With autumn weather in full-force, crisp days give way to chilly nights that stir cravings for warming comfort foods. Studies show that foods high in carbohydrates, fiber, and omega-3s raise serotonin levels and result in less stress and improved moods. Classics like macaroni and cheese and shepherd’s pie are great ways to satisfy a stick-to-your-ribs fix, whether feeding a big family or serving a single-person portion. Keep these plant-based alternatives in mind for holiday meal replacements as well—one bite of VN’s signature macaroni and cheese and omnivorous relatives will be clamoring for the recipe.
Macaroni and Cheese: A Yankee Doodle Dandy
Don’t sell this childhood favorite short—it’s more than just a quick meal from a blue box. While cartoon-character-shaped pasta is likely the first image that comes to mind, macaroni and cheese is actually deeply rooted in American history. In 1824, Mary Randolph, cousin of Thomas Jefferson, published The Virginia Housewife, which included a recipe for boiled and baked macaroni mixed with butter, cheese, and polenta. Many vegan mac ‘n’ cheese recipes rely on nutritional yeast to create cheese sauce, but a sauce made from savory veggies and other fresh ingredients is a welcome alternative.
Shepherd’s Pie: Just Add Sea Salt
Food doesn’t get richer in taste or history than shepherd’s pie. Commonly known as cottage pie in the UK—which was originally distinguished from shepherd’s pie because cottage pie contained beef (whereas shepherd’s pie called for lamb)—the terms are now essentially interchangeable. This dish first appeared on the historical record in 1791. Traditionally prepared by covering meat pie with mashed potatoes, it was a quick meal made with very accessible ingredients that appealed to the poor and the wealthy alike. It’s still a popular go-to dinner across the pond and is easily reworked for compassionate palates by replacing meat with a blend of vegetables and spices.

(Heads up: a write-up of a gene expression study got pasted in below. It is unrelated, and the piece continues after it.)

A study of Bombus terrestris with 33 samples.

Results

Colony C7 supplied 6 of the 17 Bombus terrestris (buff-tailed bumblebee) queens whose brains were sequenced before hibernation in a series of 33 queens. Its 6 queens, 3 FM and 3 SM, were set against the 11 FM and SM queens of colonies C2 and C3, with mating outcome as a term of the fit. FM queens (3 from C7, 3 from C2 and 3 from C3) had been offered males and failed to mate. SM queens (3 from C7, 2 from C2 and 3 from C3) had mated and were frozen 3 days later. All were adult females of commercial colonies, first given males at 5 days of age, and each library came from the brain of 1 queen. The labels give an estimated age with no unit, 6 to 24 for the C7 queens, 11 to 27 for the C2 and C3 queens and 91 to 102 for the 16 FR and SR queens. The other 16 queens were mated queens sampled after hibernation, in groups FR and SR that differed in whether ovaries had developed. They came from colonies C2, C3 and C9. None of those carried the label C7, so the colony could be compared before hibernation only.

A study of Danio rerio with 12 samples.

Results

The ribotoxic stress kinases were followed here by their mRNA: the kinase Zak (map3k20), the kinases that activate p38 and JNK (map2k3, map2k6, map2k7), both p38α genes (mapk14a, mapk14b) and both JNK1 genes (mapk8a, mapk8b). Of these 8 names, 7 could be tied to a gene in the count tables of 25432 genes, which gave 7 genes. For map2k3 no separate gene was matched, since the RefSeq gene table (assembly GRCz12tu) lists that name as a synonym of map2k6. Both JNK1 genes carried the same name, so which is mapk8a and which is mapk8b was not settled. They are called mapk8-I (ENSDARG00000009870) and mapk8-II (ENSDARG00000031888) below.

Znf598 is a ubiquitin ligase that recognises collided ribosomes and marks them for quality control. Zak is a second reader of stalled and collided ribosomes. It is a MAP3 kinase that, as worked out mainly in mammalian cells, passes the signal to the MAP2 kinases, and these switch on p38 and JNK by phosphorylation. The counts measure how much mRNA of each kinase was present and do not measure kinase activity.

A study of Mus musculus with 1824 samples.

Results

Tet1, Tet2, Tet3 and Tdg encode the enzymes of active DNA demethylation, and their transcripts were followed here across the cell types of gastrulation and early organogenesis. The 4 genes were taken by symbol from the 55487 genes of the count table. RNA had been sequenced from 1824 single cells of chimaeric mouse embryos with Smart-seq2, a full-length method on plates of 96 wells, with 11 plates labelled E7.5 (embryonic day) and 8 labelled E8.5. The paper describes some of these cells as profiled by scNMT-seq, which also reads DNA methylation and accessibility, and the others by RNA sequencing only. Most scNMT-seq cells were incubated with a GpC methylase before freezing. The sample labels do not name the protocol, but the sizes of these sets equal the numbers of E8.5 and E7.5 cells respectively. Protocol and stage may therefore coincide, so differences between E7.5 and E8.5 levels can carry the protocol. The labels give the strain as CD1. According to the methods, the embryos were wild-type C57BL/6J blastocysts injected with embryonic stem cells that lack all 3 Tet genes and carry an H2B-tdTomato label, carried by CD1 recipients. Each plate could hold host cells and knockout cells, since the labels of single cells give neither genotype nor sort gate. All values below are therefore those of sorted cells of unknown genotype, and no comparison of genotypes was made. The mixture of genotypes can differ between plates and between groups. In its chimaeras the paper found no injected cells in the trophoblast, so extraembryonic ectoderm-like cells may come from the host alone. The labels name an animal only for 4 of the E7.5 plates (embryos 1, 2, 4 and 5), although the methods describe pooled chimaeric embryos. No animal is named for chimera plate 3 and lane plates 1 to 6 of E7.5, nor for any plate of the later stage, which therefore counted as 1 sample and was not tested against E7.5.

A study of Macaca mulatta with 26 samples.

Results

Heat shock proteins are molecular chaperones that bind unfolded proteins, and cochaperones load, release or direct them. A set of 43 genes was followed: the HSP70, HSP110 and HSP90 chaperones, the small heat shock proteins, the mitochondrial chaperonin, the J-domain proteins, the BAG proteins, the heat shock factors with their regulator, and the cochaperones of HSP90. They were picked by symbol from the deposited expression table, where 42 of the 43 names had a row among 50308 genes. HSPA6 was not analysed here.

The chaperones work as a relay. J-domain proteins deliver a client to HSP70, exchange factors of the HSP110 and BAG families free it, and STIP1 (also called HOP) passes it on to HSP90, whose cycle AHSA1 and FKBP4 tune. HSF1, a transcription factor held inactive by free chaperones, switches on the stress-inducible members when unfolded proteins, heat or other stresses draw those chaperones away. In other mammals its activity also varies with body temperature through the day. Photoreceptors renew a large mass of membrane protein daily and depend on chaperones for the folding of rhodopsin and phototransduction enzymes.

Maple Baked Beans: Savor the Sweet
Although Boston laid claim to this popular savory side dish, it has much sweeter roots in other parts of the Northeast. In Maine, early colonists kept warm during the harsh, cold winters by slow-cooking yellow-eyed beans with maple syrup for a sweet and seasonal flavor. The beans used were first grown in North America by Native Americans and later became components in another New England standard, succotash. Many varieties of canned baked beans contain high amounts of salt and sugar, so slow-cooking beans from scratch is as nutritious a choice as it is traditional.
Corn Bread: A Maize Thing
Cultures around the world have variations of this hearty, crunchy carbohydrate. Whether baked with cream-style corn or Mexican green chile, there’s no denying the pervasive appeal of corn bread. A quick, inexpensive bread that doesn’t require wheat, it had long been a staple of the Native American diet before Europeans arrived, and it grew in popularity during the American Civil War. Today, corn bread is a regular on Thanksgiving tables across the country. Serve it with gravy, in stuffing, or solo with vegan margarine and watch relatives relish in its homey texture and savory taste.
Lentil Loaf: TV Dinner Winner
It’s a dish usually associated with TV dinners and 1950s Americana, but meatloaf most likely originated in Germany, and the recipe was brought to New England by immigrants during colonial times. Always an American favorite, it wasn’t widely popular until the Great Depression, when food rationing spurred a need for inexpensive meals. Prepare a simple plant-based alternative to meatloaf by combining grains, breadcrumbs, and French lentils with savory vegetables like carrots, onions, celery, and portabello mushrooms. Top it off with tomato paste to achieve maximum comfort-food nostalgia.